There are some game experiences I just don’t understand. Hohokum is not one of those games, even though it probably should be.

Hohokum is truly bizarre. Its protagonist, the game’s design and music are anything but conventional. The entire premise and worlds of the game make up a brilliant colour palette that’s difficult to explain. It’s every bit artistic, fluid, jarring, beautiful and grim and I loved every confusing and freeing minute of it.

Buried in this art-driven vibrancy are a series of puzzles which connect a loose narrative to each of the whimsical fantasies of Hohokum. It’s just one of the reasons why this seemingly nonsensical game appeals to me. Figuring out the puzzles requires a little patience at times. However, they’re cleverly crafted in a way where even the obscure nature of the solutions is not a deterrent for enjoyment, as Hohokum’s beauty and music help facilitate this need for exploration and set the relaxing tone of the game. Discoveries in the many worlds are the tiny details and touches that make them pop with a certain excitement. The worlds are rich in colour and emotion but not always bursting with a sense of happiness.

Hohokum’s playable character is a snake-like “kite” creature—ever-changing, shape shifting, floaty and flighty. What this creature is: it’s hard to say. It’s a lonely deity on its journey to finding its scattered friends across multiple worlds. It’s a helpful vehicle. A Destroyer. A Neutral Observer... the protagonist fits these multiple designs. In turn, these roles are projected on the levels and characterize the levels themselves. It’s a symbiotic existence between what you control and how your actions manipulate the worlds, with how the worlds prod your twirling character to act.


When your character interacts with the worlds it’s amusing with often unexpected and surprising responses. It’s the same watching the natives of each react in different ways to your meddling, which makes each world very alive. They’re at times fearful, curious, fearless, and playful. The inhabitants of each of the 17 main worlds range from giant flora and fauna to tiny multiple-eyed beings either in humanoid form or as oddly shaped creatures, all unique to each strange area you stumble upon.

Entering portals to these places feels like gazing into microscopic slices of a world and its culture. It helps that some of the art draws its influences from real world, recognizable cultural aesthetics. Amusement parks, spelunking, oceanic ventures, farmlands, tribal beings, wedding ceremonies, musical giants beneath gorgeous stretches of constellations… these are just some of the many playgrounds Hohokum offers with distinct styles by artist Richard Hogg intertwined with dynamic sounds in a glorious, experimental soundtrack by various artists on the Ghostly International indie label.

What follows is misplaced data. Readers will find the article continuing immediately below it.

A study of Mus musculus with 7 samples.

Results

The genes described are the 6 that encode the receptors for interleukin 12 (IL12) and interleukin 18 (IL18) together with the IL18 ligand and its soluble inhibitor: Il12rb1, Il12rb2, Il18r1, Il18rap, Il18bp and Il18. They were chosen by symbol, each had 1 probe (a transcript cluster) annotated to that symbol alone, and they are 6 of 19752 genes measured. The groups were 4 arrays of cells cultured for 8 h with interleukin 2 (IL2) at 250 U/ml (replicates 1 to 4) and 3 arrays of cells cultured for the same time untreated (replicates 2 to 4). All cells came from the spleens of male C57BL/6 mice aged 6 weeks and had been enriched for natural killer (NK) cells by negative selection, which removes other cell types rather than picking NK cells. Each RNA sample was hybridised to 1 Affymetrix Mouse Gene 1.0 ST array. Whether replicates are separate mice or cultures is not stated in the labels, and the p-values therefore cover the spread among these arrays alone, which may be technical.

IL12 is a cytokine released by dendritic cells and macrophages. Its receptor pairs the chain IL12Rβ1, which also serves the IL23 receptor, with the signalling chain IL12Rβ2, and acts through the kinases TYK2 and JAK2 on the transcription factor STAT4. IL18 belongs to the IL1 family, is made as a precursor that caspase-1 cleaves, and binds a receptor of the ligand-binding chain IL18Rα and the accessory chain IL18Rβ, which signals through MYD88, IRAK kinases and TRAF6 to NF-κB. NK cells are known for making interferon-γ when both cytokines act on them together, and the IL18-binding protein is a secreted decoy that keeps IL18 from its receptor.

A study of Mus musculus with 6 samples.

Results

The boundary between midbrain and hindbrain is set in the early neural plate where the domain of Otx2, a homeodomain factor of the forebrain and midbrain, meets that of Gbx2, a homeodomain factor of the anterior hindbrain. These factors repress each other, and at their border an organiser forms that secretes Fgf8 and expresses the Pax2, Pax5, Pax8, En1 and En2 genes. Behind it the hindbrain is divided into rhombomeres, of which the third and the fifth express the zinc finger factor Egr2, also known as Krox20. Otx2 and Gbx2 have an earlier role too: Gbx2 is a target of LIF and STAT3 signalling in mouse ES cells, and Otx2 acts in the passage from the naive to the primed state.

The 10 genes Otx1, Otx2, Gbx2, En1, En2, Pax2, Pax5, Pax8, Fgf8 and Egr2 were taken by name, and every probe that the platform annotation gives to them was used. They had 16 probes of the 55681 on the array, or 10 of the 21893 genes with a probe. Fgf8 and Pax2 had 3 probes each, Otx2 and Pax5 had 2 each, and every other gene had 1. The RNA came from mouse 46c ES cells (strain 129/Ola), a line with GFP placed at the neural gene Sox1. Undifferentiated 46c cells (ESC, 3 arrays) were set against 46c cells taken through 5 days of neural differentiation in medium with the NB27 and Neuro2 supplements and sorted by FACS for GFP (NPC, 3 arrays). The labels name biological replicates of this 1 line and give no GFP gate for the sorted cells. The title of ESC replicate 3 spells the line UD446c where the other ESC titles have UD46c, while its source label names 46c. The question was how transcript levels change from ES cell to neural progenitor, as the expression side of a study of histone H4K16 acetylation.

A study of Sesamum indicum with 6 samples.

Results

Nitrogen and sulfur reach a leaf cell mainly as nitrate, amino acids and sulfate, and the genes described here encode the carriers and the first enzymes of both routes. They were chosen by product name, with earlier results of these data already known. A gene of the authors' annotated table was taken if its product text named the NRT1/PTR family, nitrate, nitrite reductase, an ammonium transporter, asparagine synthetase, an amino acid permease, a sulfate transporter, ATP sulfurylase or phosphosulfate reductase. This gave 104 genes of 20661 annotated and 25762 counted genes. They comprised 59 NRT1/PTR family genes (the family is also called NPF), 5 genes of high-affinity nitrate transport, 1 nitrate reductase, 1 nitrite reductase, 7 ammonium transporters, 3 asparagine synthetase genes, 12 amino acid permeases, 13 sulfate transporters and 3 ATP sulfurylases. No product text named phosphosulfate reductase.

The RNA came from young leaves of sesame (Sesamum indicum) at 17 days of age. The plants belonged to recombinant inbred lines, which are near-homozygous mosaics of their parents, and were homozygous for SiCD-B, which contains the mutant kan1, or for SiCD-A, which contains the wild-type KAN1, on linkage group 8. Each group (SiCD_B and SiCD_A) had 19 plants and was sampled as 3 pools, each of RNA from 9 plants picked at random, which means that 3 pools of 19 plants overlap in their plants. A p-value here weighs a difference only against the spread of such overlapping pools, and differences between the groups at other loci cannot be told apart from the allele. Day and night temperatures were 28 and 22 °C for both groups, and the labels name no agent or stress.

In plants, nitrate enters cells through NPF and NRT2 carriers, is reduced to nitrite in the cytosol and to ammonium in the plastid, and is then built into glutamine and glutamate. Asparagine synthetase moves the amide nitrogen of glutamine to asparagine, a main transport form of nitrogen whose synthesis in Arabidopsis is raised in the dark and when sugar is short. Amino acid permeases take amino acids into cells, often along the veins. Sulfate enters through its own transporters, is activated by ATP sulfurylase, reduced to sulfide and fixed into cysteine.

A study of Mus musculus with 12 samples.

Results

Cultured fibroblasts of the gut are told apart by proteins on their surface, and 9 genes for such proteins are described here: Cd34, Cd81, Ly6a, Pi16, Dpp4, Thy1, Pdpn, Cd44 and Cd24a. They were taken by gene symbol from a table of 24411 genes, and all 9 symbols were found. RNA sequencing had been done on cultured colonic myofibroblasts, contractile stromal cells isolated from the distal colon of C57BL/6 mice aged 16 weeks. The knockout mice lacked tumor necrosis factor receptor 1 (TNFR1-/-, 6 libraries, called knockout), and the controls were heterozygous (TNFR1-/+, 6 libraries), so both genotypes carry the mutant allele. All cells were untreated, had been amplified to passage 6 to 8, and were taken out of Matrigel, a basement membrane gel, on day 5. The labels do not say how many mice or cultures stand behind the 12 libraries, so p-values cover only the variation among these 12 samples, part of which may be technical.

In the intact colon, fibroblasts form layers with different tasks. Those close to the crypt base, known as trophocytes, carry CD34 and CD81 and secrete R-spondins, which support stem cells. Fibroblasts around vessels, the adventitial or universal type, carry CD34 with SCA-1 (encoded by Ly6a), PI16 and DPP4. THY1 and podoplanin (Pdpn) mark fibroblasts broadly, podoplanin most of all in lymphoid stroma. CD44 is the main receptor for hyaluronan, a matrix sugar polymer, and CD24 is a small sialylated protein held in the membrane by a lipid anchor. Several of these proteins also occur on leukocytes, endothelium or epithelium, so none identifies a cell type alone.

This is the other reason why the game is relatable—music is universal. It’s flowing. Never static. The soundtrack expresses a whole lot through its techno beats and dream-weaving trance sounds. But it also does this through your protagonist’s physical interaction upon the worlds’ many elements—bouncing against walls, coasting through weird flowers and hollowed-out tree stumps, for instance—which produces and adds layers to the sound.


Hohokum is both a puzzle and rhythm game that’s interestingly connected and wonderfully executed. There are distortions, and harsh sounds you could inflict on an already crumbling world. There’s a wealth of beautiful notes to suss out and mix with others. Hohokum isn’t just about its stunning, moving visuals but entrenching the senses in an auditory landscape as well. Together, it makes the experience one about destruction, rebirth, discovery and creation.

Hohokum is a fascinating experiment. It’s full of purpose in every aimless direction you choose to go. Although it’s somewhat of a struggle to vocalize and describe, there’s a place in my mind that understands it clearly in a way words won’t be able to justify—all thanks to its creative artistic qualities in both sights and sounds lending to its peculiar, trippy identity.